Fish-Outta-Water Jello Cups

Posted by on August 5, 2013 in Blog, Desserts & Treats | 11 comments

Fish in Blue Jello

During my brief absence from my blog, I’ve become a Pinterest-addict and it has resulted in much time spent either on my iPhone Pinterest app or glued to my laptop as I scan dozens (hundreds?) of “pinned” ideas.

It turns out that what I call, Fish-Outta-Water Jello treats, can be found widespread across the internet, and I can easily see why they’re popular:

1. Jello is super easy and inexpensive to make.

2. Moms (at least this one) like a dessert which can be whipped up in 10 to 15 minutes.

3. Preschoolers love Jello. It’s colorful, sweet and fun to eat.

My Pinterest-addiction promptly resulted in a trip to the market for Berry Blue Jell-O and Swedish Fish. I knew Bebe would get a kick out of these treats and it was a cute individualized dessert for her, my pre-kinder nephew and my toddler niece who had the chance to swim together over the weekend. Additionally, it was the perfect theme: “swimming fish in blue water” with swimming kiddos in the water.

All you need is water, two packs of blue jello and a handful of Swedish Fish.

Those bright red Swedish Fish always remind me of my childhood spent with my BFF. I remember at one point in our childhood my BFF loved Swedish Fish and when we walked to our neighborhood candy shop, Bel Air Sweets & Gifts (which has long since disappeared), she would always get Swedish Fish. Although I enjoyed those gummy fish, I think I preferred gummy bears, gummy bottled cokes, gummy cherries, gummy strawberries and malted milk balls.

Unfortunately, I had cavities.

Let that be a lesson learned, Bebe! Candy begets cavities! At least this was the case for Mommy. Daddy on the other hand, doesn’t have a single cavity despite his love for candy. Maybe you’ll get lucky and Daddy’s gene’s will prevail.

Getting back to the dessert, the consistency of the jello that I made is somewhere in-between a jiggler (firm jello) and regular jello (soft) but feel free to play around with the firmness by adjusting the amount of water used in the recipe. Typical ratio for soft (regular) jello is 2:2 hot to cold water. I used approximately 2 cups hot water to 3/4 cups cold water.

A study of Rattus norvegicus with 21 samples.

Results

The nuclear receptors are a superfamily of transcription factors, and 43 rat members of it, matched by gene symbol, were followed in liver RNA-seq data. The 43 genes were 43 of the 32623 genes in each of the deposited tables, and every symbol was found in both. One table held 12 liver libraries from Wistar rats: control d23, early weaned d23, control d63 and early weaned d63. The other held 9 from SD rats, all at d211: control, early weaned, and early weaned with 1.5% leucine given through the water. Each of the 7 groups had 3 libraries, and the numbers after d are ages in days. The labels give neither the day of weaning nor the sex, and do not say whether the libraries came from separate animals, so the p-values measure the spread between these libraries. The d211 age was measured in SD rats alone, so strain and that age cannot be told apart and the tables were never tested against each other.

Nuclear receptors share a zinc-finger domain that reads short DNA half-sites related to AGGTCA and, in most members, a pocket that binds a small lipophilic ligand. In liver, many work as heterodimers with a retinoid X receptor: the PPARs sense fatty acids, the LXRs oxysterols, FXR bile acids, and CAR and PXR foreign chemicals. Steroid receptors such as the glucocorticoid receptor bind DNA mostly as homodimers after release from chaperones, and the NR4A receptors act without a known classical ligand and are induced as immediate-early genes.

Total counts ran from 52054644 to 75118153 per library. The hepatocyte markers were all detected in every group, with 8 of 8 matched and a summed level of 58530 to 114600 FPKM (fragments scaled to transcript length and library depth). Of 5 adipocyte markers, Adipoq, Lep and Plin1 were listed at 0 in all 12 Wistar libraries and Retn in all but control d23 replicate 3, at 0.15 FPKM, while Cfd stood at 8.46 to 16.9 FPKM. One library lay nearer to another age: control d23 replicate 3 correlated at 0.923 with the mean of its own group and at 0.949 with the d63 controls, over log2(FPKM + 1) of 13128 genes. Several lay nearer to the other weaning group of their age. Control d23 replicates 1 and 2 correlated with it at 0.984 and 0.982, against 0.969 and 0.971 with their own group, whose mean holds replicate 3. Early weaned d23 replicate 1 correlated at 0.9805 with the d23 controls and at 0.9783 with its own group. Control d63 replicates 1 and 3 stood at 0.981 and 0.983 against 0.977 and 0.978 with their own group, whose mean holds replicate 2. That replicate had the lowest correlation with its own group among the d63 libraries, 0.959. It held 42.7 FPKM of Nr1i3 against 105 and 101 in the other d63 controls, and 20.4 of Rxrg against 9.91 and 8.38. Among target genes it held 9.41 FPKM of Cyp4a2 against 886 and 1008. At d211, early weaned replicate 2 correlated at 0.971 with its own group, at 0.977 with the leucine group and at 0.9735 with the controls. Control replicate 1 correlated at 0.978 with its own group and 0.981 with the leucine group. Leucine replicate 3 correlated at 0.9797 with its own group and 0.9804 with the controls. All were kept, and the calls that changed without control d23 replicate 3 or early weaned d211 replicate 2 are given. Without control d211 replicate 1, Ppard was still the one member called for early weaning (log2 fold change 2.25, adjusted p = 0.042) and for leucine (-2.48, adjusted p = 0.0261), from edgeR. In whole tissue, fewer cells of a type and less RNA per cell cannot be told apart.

My only caveat for making these treats is that you need to keep an eye on the jello as it solidifies. The best time to insert the fish is when the jello is still soft and you can smoothly place the fish into the jello without it sinking to the bottom of the cup. If you lose track of the time (or completely forget about the fact that you were making jello, which is typical of me), you’ll need to use a sharp knife to make a small half-inch length cut in the jello and place the fish in it. (Thanks Nene for solving that problem!)

I have one more Pinterest inspired dessert that the kiddos enjoyed over the weekend for their little swim party, which I will post shortly. Meanwhile, enjoy the fish-outta-water!

Happy Summer!

Fish-Outta-Water Jello Cups
Recipe type: Dessert
Prep time: 
Total time: 
Serves: 16
  • 2 3-ounce packages of Berry Blue Jell-o
  • 4 cups hot water
  • 1½ cups cold water
  • 16 short, clear plastic cups
  • 16 Swedish Fish gummy candies
  1. In a medium pot, gently boil 4 cups hot water and turn off heat. Immediately add blue gelatin and mix until dissolved. Remove from stove.
  2. Add cold water. Stir.
  3. Let the gelatin mixture cool slightly until warm.
  4. Using a ladle, carefully fill clear plastic cup less than half-full. Place cups on trays (if you're short on space in the fridge and need to stack them as I did) and either allow them to cool to room temperature or refrigerate immediately.
  5. If you allowed the jello to cool to room temperature before refrigerating, check your jello for firmness after 5 to 10 minutes.
  6. Insert Swedish Fish, partially swimming out of the jello, while the jello is slightly solidified, or allow the jello to harden completely, make a small incision in the jello using a sharp knife and then insert the fish.
  7. *Recipe updated 06.23.16






  1. avatar

    Very cute, Judy!! I love the photo too!

    • avatar

      Thanks, Melissa!

  2. avatar

    Do you think this could be made in a big bowl instead of individual cups?

    • avatar

      Absolutely, you could make this in a big bowl!

  3. avatar

    I feel like I’m missing something glaring, but what’s the 1 1/2 cups cold water for?

    • avatar

      Hi, My bad! The cold water should be added to the hot water and blue jello mixture to help cool it and to make sure the jello doesn’t become too firm once it sets. Thanks for pointing that out! – Judy

  4. avatar

    I’m making these for my sons birthday party this Sunday. How many days in advance can I make this ?

    • avatar

      I recommend only day before. Wait until the last minute to place the Swedish gummy fish into the jello because they’ll start to change color if left in the jello.

  5. avatar

    This is way too much water for 2 packages of jello.

    • avatar

      Feel free to follow package instructions for water to make the Jello. We added more water to dilute the sugariness of the Jello for the little ones. Gelatin can be added to increase firmness.

  6. avatar

    Okay so I followed your recipe to an exact measurement and there is NO firmness after an HOUR at room temperature (you indicated there should be after 5-10 minutes) . . . I wanted to put the fish in before refrigerating as you suggested. Now I have put them in the fridge and am PRAYING that they become firm overnight!!! Not sure how I would “add gelatin” at this point . . . I was using your recipe b/c I did not have time for experimenting! Please let me know ASAP if you have suggestions!